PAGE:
Greenwood Village will install license plate readers around the city to fight crime


At its July 17 study session, the Greenwood Village City Council responded enthusiastically to Police Chief Dustin Varney’s proposal to add 14 more automatic license plate readers (ALPRs) around the city, to supplement the two that have been in use in the vicinity of Arapahoe Road and the I-25 corridor since 2020.

Chief Varney explained that those who commit crimes in the business districts and/or neighborhoods of GV use the city’s main roads, so having ALPRs in key locations will capture important data. Accordingly, he proposed placing them on GV thoroughfares, including Belleview Avenue, Orchard Road, University Boulevard, Holly Street, Quebec Street, and Yosemite Street. 

Appearing with the chief were Deputy Police Chief Dave Oliver, Traffic Operations Commander Scott Jones, and Communications & Records Manager Mike Stewart.

Chief Varney pointed out that motor vehicle theft has been the fastest rising crime since 2019 and Colorado led the nation in motor vehicle thefts from 2020 to 2021. ALPRs have proven to be an effective tool in combatting both crime and traffic issues. 

The two ALPRs that have been in use in GV since 2020 capture 6.5 million license plates annually and generate approximately 14,000 alerts. Those alerts, along with the implementation of new police department tactics and policies, are believed to have been key to motor vehicle thefts in GV coming down from 212 in 2021 to 165 in 2022. The system has also “helped solve crimes involving burglary, theft, weapons violations, robbery, assault,” and other offenses, including drugs. 

GVPD’s proposal is to lease the ALPRs for five years, at an estimated annual rental cost of $40,600. Leasing the equipment instead of buying it avoids a significant up-front cost. More importantly, it will allow GV to take advantage of technological updates and improvements.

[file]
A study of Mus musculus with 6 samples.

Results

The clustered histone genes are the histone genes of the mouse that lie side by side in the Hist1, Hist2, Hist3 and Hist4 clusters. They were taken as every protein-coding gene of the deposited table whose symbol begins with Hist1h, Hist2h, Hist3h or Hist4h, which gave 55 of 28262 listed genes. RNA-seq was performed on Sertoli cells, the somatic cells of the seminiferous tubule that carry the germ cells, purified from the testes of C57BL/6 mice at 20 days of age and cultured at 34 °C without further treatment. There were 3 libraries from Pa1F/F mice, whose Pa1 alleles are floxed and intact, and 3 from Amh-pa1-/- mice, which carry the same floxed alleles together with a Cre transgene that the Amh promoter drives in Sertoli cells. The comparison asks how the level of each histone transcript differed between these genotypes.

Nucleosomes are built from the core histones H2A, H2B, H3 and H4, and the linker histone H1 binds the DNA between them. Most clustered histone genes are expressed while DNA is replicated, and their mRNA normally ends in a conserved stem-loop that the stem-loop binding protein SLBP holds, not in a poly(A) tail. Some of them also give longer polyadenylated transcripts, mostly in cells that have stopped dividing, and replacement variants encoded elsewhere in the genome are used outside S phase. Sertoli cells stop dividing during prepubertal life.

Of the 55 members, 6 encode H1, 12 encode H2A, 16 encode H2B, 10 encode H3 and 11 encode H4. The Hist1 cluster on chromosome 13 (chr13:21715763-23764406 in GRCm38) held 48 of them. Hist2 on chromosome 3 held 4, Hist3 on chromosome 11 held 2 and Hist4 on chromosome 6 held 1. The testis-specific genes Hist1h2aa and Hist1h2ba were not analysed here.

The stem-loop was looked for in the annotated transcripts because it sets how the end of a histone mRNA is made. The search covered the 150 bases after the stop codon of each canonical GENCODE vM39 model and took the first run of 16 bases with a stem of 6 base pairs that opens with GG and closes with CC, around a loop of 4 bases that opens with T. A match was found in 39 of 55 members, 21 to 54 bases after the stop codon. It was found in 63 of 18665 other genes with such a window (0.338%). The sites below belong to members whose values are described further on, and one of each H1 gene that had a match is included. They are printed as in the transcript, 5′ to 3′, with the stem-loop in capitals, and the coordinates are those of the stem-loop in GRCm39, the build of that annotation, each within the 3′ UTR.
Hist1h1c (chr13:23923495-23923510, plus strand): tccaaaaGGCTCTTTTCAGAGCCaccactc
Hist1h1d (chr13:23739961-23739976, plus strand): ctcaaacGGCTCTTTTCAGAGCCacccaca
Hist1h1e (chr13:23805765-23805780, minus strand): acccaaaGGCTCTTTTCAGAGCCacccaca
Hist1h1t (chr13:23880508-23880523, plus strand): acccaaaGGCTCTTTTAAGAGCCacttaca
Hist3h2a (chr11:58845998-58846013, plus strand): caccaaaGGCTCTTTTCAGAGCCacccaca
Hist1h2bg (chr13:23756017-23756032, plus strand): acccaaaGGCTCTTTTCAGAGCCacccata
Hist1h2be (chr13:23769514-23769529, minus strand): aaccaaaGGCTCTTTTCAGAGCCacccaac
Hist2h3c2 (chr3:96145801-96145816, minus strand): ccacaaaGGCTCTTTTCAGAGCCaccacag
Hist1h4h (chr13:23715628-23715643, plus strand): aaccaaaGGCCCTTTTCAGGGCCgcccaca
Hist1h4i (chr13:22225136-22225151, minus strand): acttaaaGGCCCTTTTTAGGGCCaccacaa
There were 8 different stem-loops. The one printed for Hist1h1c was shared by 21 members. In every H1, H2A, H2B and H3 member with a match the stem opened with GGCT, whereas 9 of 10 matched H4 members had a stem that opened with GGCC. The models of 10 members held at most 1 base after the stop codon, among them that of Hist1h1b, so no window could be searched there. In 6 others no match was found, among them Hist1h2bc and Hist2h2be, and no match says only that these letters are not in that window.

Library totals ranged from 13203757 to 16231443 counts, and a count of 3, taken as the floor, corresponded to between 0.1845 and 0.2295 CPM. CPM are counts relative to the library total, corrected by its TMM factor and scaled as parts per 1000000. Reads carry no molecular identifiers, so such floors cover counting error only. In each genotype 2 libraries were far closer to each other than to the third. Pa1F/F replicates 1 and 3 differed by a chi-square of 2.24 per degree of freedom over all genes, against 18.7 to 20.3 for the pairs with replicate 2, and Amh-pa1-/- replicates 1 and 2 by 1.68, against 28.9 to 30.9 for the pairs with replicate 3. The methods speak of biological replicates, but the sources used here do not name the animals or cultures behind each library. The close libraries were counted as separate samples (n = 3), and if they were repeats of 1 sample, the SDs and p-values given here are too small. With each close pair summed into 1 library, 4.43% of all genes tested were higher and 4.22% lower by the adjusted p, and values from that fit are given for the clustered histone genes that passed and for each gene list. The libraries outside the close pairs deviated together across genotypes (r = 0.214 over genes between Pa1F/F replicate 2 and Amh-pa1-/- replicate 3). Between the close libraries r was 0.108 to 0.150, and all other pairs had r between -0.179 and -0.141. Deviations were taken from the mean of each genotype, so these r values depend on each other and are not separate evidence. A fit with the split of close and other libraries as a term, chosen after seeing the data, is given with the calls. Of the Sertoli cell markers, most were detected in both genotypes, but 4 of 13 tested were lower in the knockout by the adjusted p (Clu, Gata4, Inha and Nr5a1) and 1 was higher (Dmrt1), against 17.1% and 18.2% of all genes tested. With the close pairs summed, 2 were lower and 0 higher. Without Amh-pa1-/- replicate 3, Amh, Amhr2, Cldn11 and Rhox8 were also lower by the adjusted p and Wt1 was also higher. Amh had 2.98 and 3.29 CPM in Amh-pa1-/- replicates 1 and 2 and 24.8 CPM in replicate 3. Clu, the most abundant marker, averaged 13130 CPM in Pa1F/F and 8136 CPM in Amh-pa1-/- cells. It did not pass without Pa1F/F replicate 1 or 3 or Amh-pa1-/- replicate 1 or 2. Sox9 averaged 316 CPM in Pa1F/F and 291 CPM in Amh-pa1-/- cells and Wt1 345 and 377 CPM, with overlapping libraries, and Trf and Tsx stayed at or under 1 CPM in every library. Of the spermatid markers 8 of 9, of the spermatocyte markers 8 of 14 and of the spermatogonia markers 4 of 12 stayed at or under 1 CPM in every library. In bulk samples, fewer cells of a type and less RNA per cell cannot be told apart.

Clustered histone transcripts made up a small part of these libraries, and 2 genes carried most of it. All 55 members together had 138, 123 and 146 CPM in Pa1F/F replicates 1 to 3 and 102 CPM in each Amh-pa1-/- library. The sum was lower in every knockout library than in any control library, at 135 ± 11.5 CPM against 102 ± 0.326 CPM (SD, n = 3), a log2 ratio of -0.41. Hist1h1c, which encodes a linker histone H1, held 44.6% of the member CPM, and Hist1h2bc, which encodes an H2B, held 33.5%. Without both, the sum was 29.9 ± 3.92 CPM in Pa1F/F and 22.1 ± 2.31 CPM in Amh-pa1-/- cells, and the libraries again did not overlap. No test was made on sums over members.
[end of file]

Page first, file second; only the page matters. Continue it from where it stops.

The Chief expects that the new and currently-in-place ALPRs will generate 91,000 alerts annually, of which approximately 27,000 will be actionable. To handle the additional workload that will be generated by the data collected, he told the council he will need three additional staff members; one 911 dispatcher, one digital media technician, and one commissioned police detective, for a total estimated cost of $310,152 per year, including benefits.

In response to a question from Council Member Anne Ingebretsen, Chief Varney confirmed that ALPRs could be used to identify vehicles involved in repeated incidents of street racing, which would increase the likelihood of the perpetrators being caught and cited if they engage in the activity again. 

Addressing the question of privacy, GV Communications Officer Megan Copenhaver told The Villager that the City’s stated policy is, “The new devices will only be placed in areas… with high rates of crime and/or areas that have been identified as zones of travel for vehicles associated with crime. Access and use of scanned data is for law enforcement purposes only, and officers utilizing the data need a justifiable reason to view and use the information to further an investigation.” Further, she explained, “All license plate recognition data and images are retained for 21 days. Data that contains information pertinent to a specific law enforcement investigation will be retained for the life of the related case file or otherwise deemed by a court of law. Following the 21-day period, if the data does not contain information that has been identified as pertinent to a law enforcement investigation or an ongoing case, it is discarded. These policies are consistent with the state’s recommended municipal records retention schedule and meet standards as outlined by the International Association of Chiefs of Police and Colorado Association of Chiefs of Police, the departments accrediting agency.”

Chief Varney assured the council that, if the chosen sites do not generate the expected volume of alerts, ALPRs could be relocated at a nominal cost. 

In an informal voice vote, the council unanimously decided to proceed with the implementation of the program immediately, since the city is “very much ahead of budgeted revenues” for 2023, according to its city manager, John Jackson. Chief Varney told the council it would likely take about six months to get the equipment and staffing in place.